Since the (unexpected) announcement that Ridley Scott would be returning to the Blade Runner universe, there's been a fair amount of speculation as to what exactly the new project would encompass - and whether it will be a direct sequel to Scott's original 1982 film or a spinoff (a la Scott's upcoming Alien semi-prequel, Prometheus).
Scott opened up recently about his Blade Runner project, dropping a few tidbits about where it is in the development process, whether the film will be set before or after the events of its predecessor, and if any of the original film's cast or central characters would be returning.
The "big" news that Scott has to offer Speakeasy is that his upcoming Blade Runner project is "liable to be a sequel." In other words, the project will take place sometime in the aftermath of the 1982 film. Even if it evolves during pre-production as much as Prometheus did, its sequel status (presumably) will not change.
However, Alcon Entertainment heads Broderick Johnson and Andrew Kosove previously indicated that neither Harrison Ford nor the Rick Deckard character would be returning in Scott's new Blade Runner flick - and Scott also confirmed as much, mentioning that the project would not involve either "the past cast" or Deckard.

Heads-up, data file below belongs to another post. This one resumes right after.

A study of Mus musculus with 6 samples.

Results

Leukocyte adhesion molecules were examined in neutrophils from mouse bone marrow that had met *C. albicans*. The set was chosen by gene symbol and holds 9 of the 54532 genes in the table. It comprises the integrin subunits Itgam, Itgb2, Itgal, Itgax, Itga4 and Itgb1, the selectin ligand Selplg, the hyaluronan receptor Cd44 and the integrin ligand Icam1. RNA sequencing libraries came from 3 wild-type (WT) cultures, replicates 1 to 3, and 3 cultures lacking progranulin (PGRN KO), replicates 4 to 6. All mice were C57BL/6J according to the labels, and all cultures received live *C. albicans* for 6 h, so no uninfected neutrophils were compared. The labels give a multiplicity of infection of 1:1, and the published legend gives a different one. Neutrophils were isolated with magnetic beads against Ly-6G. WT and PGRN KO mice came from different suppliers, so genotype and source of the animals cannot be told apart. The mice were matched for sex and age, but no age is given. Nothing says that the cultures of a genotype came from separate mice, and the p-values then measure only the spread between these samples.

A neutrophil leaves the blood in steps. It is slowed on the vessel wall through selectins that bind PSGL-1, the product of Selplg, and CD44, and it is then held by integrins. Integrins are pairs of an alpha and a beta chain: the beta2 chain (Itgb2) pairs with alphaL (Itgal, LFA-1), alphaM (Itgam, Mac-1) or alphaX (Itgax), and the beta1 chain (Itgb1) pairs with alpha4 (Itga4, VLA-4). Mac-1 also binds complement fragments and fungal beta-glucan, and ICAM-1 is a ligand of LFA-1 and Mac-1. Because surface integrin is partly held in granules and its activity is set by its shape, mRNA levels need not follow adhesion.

That is to say: Scott appears to be using the term "sequel" loosely here, with regards to the connection between Blade Runner and this new related piece of sci-fi cinema.
Previous reports suggested that Scott Z. Burns was all but set to script Scott's new installment in the Blade Runner franchise. While that may be (unofficially) true, the word from the director himself is that he's "close to finding a writer that might be able to help me deliver [the story]." Whether or not said scriber will end up being Burns, or someone else entirely, remains to be seen.
One last thing - Scott briefly offered his own take on the original Blade Runner, saying:
“Even though people think it’s a cool Philip Marlowe film with Deckard played by Harrison Ford, the film is very much about humanity.”
So long as Scott and his eventual writing collaborator don't lose track of that idea while crafting the next Blade Runner flick - one brought to life via the assistance of modern filmmaking technology (ex. CGI, 3D visuals, etc.) - the results this second time around should be decent, if nothing else.
We will continue to keep you posted on the status of Scott's new Blade Runner project as the story develops.